Crossing the Channel (Billy and Jackie)

Last lecture, we talked at length about the poem ‘London’ and the image it carves of a broken and corrupted city. William Blake’s view of a port town in England wasn’t great, and it bore some odd similarities to a much later view of a similar city by a robust Belgian named Jacques Brel.

Jacques Brel sang in French, but has been covered masterfully by David Bowie, Nina Simone, Ray Charles, Frank Sinatra and Scott Walker. Both Bowie and Walker have done takes on ‘Amsterdam’, a powerful song about a grim and depressing topic. There are many differences, but the bottom line is that both Blake and Brel’s vision of their city is one of crushed hopes and abundant venereal disease. The contrast deserves analysis.

Both the poem and the song have a cyclical slant, with ‘London’ showing a ‘curse’ (venereal disease) being passed on through a family, and Brel saying that in the same night, sailors die and are born in the port of Amsterdam. There is, within the cyclical, a touch of the binding and hopeless – Blake explicitly states the presence of ‘mind-forg’d manacles’, while Brel’s rantlike list of vices strongly implies a stagnation in the low life of mariners and those who service them. The feeling in both is a pervasive hopelessness, the people of the respective cities locked into a grimy life. Children are brought into the world staring down the barrel of this hopelessness, with Blake’s child cursed for its father’s venality and Brel’s young lad born into a class of drunken, whoremongering sailors.

The difference is mainly sympathy, as Blake was significantly more humanistic (and more sex-positive) than Brel. In Blake, the only person really at fault is the father of the child, who has passed the illness he took for his gratification to his unknowing wife and child. In Brel, one can be fairly sure that the acerbic Belgian hates the city of Amsterdam and its inhabitants to his core. He paints a picture of the sailors as unilaterally grotesque, vulgar and brutal, and no kinder to the prostitutes, who he describes as ‘bargain[ing] their bodies and virtue’ to them for ‘a few dirty coins’. Looking at Brel’s discography, it’s hard to find people that he actually likes (his view of the Catholic Church and the upper class in general was very snide), but his most stinging barbs seem to be hurled at women, either specific women in his life or the gender as a whole (that said, he seems to have¬†deeply valued¬†his male friends, as in ‘Jef’, where he talks his buddy out of suicide). Brel’s attitude towards sex seems extremely bitter and distrustful, which makes an exceptionally sharp divide with Blake’s indictment of a time where ‘sweet love was thought a crime’.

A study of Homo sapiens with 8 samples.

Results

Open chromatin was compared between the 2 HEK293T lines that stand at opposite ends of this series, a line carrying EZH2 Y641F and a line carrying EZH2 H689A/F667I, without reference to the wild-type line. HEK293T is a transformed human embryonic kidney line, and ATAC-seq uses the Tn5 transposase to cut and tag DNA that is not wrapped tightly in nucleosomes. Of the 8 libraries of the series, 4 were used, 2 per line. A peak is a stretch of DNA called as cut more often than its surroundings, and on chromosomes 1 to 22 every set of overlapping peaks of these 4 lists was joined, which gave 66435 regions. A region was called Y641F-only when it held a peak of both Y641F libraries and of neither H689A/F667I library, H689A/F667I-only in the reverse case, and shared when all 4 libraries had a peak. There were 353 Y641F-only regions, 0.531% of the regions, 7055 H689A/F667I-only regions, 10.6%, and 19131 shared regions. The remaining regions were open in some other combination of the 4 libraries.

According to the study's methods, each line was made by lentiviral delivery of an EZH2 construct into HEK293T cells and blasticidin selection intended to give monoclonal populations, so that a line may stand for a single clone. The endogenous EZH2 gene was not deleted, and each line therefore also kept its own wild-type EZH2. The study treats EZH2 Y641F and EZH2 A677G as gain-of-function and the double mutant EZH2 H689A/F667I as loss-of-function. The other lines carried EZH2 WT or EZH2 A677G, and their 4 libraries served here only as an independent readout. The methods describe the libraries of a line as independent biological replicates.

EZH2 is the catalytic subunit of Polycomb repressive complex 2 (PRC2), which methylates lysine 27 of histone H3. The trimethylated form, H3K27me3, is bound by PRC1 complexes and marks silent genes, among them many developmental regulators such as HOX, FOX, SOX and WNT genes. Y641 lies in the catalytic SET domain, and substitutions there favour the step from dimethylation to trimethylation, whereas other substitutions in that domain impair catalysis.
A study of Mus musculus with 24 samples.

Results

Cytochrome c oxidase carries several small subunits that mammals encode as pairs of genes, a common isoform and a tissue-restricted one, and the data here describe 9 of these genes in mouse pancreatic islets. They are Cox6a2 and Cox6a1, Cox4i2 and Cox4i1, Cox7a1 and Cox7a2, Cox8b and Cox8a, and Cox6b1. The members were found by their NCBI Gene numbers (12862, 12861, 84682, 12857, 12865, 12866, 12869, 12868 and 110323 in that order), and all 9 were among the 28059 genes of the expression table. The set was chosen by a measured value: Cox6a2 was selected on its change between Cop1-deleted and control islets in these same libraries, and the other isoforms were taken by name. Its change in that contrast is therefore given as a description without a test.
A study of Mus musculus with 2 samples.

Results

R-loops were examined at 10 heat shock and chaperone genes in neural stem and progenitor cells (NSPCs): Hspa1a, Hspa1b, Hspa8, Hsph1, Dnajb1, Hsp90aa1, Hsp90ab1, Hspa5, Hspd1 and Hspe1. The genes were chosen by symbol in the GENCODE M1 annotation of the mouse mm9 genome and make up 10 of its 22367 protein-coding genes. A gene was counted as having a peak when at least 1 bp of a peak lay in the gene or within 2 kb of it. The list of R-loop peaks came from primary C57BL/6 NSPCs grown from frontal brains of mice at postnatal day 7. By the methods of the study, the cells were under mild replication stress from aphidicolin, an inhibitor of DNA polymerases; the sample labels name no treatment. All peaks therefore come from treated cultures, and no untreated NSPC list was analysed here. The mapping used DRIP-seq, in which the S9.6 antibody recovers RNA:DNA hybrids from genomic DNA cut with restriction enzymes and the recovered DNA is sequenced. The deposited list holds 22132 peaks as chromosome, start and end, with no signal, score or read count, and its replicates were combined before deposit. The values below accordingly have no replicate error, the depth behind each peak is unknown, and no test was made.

In that way, ‘London’ has a more sympathetic set of circumstances, but also a more saddening conclusion when one realizes that even the innocent among them is screwed straight out the gate. If ‘Amsterdam’ sounds like the brandy-abetted rant of good old boy who feels cheated and/or disgusted by their town, ‘London’ rings more like somebody who can feel the Jacob Marley-esque weight of those self-made chains on their body, and opts to take a look around to see that they’re not the only one. I’ll try to end this post on a lighter note (this material is hitting me like a fistful of Seconal, which I definitely wouldn’t recommend in practice) so I’ll say this: Brel and Blake were both brilliant manipulators of language and emotion, and I’m just tickled to be enjoying their work as a graded exercise.